Already beset by Yellow Vest protests, the French president faces renewed anger over proposed pension reforms.
French President Emmanuel Macron is set to face another big challenge to his leadership on Thursday as much of the country’s labour force goes on strikes.
The work stoppages will shut down parts of the country’s public and private sectors and are spurred by the free marketeer head of the state’s plans to reform the country’s pension system.
The strikes, which are being accompanied by street protests, come amid a year of near continuous Yellow Vest protests.
According to early estimates, the strikes will bring an almost complete halt to the country’s rail transport with at least 82 percent of drivers expected to participate in strikes. The government has already announced that 90 percent of regional trains are cancelled.
Others joining the picket lines include teachers, students, police officers, air traffic controllers and garbage collectors.
The withdrawal of labour could represent the biggest strike of Macron’s presidential career.
“It’s the coalition of all frustrations, and it demonstrates the isolation of the elite, the isolation of the president, even the personal rejection of Macron,” Dominique Moïsi, a French political scientist, told the Washington Post.
Since Macron came to power, he has effected a top-down management style, angering a great number of French citizens.
Macron’s unpopular retirement plan aims to consolidate the country’s complex pension system, which is currently managed under 42 different schemes.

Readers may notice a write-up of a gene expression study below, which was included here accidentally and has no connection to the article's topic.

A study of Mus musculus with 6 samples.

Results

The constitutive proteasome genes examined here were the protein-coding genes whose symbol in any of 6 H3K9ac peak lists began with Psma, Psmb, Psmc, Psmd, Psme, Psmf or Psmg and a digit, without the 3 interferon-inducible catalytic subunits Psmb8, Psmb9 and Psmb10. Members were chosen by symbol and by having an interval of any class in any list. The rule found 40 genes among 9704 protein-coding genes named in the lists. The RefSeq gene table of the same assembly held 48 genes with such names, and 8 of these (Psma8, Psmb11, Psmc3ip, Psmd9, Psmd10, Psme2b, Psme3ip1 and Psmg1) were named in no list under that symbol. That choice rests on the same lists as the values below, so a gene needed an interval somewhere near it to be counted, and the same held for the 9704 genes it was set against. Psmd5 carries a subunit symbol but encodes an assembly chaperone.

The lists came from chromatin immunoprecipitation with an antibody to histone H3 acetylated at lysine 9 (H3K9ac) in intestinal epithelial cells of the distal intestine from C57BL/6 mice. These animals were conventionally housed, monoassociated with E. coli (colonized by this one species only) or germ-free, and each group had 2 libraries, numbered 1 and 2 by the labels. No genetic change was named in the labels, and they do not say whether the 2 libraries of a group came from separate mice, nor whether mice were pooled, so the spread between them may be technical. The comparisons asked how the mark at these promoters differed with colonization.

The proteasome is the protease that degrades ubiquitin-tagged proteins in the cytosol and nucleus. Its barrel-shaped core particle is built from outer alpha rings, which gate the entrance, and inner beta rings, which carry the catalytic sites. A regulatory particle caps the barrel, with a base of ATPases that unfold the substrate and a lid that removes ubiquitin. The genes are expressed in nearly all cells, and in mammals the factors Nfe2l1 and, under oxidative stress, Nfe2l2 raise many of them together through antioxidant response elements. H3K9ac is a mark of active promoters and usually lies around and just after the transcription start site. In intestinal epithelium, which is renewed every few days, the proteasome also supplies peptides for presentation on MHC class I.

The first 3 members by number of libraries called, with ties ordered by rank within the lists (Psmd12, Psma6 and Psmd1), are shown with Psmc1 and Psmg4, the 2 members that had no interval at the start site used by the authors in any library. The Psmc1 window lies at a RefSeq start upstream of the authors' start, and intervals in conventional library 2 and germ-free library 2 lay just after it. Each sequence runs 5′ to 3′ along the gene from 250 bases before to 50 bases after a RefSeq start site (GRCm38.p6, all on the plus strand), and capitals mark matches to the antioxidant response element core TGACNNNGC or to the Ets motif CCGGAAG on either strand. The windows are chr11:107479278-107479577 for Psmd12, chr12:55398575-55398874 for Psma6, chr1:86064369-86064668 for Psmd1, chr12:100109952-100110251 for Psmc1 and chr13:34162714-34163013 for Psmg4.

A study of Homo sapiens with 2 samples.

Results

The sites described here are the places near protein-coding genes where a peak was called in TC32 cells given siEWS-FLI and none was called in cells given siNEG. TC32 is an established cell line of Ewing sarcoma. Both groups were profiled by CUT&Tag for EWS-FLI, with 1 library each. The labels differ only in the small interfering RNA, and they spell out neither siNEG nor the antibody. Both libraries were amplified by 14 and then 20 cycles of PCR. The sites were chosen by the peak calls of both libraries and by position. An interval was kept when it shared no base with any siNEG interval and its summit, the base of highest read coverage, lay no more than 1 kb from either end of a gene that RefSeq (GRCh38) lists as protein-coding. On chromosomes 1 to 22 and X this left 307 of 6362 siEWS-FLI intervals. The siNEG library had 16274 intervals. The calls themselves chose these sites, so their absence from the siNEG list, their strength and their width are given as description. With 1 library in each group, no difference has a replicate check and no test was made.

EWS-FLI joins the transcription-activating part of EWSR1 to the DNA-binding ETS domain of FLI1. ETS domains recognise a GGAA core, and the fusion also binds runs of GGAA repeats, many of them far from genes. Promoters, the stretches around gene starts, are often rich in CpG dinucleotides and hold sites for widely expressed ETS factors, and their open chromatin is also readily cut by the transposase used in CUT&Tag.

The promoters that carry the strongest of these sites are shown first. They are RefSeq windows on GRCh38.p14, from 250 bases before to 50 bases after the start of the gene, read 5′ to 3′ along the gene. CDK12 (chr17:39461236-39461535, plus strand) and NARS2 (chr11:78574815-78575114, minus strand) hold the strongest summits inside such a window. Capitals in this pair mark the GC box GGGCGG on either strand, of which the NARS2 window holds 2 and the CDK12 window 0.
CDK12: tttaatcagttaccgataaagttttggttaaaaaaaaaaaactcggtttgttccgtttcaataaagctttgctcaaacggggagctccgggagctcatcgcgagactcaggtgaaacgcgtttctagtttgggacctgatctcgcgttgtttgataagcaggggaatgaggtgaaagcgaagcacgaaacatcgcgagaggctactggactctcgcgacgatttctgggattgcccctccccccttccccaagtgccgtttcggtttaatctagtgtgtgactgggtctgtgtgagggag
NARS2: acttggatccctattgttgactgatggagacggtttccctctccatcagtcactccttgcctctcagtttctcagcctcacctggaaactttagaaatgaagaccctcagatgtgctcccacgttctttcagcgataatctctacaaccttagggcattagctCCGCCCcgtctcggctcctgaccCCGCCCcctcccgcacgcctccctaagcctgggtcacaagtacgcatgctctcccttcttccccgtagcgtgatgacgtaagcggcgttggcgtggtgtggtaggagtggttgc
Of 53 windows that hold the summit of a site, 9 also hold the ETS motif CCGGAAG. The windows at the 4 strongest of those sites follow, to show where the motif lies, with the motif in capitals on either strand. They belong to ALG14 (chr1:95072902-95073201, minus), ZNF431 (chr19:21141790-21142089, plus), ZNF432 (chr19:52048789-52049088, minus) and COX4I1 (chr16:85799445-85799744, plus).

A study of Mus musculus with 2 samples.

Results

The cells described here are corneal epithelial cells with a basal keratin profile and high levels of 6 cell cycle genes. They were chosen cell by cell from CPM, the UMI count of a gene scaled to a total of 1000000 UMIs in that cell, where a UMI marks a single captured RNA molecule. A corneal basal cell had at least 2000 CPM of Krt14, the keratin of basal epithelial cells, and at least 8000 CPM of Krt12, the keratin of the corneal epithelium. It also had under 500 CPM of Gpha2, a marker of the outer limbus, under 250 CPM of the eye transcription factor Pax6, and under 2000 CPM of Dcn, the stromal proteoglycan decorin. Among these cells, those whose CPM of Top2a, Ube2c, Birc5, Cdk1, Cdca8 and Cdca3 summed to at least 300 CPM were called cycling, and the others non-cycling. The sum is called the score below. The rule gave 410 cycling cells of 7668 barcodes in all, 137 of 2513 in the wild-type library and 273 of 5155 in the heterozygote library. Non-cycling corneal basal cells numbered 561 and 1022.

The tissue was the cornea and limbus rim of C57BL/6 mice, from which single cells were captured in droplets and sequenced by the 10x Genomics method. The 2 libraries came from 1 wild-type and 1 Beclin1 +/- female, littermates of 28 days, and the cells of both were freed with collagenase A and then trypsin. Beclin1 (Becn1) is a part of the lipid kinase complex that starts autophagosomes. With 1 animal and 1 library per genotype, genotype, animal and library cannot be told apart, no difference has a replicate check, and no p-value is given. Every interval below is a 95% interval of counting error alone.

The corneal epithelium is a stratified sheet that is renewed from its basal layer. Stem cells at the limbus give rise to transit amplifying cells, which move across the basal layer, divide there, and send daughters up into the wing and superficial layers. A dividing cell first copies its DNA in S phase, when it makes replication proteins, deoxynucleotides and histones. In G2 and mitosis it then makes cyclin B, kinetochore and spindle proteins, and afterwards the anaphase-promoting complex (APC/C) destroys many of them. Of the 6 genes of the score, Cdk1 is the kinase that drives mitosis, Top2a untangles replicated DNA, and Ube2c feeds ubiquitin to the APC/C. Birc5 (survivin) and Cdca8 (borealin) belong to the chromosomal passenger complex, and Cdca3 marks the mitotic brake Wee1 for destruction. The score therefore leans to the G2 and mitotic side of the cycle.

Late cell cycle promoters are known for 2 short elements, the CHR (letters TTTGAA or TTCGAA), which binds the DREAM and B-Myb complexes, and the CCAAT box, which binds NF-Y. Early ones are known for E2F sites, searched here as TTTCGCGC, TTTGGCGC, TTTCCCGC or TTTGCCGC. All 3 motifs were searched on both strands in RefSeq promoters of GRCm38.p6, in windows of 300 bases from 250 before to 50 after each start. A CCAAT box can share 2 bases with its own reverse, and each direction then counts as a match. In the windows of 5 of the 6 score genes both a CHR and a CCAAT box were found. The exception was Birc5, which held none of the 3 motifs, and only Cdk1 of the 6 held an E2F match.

Under the current system, a Paris Metro driver can earn $4,100 monthly after retirement, according to a July government report. In addition to its high pensions, in France, some railway labourers can retire at 52, making the country lowest in terms of average retirement ages in the developed part of the world.
Private-sector labourers can retire at 62, with pensions ranging from $1,400 to $1,600 on a monthly basis.
According to Macron, bringing down this disparity in pension sums and retirement age is an economic priority.
This autumn, Macron, who campaigned on a platform of reducing excessive public spending, said that he was trying to bring in a fairer system.
“It’s not right that you do the same work, and your neighbor retires earlier, the calculation is different,” the president said.
“So this has created suspicion in regard to our pension system, so today people find that it is more or less unfair, and more and more, people have doubts about it,” he added.
However, many in the French working class believe that the reforms are a proxy by which Macron increases retirement ages and lowers pension amounts in a country with the lowest old-age poverty rates in the world.
The strikes and protests could lead to a serious disruption in France, where the latest attempt to change the pension system was made in 1995 by centre-right President Jacques Chirac.
After three weeks non-stop protests, a defeated Chirac backtracked from the overhaul of the system, leaving a disheartening precedent for his successors.
Macron’s approval ratings hover around 30 percent but his En Marche party has a majority of seats in parliament. However, there is widespread cynicism directed at politicians.
According to a recent Ifop survey, 64 percent of people do not trust the government when it comes to the pension system despite 76 percent wanting reform of the system.
Another poll showed that 89 percent of French people thought that the country was in a state of “social crisis.”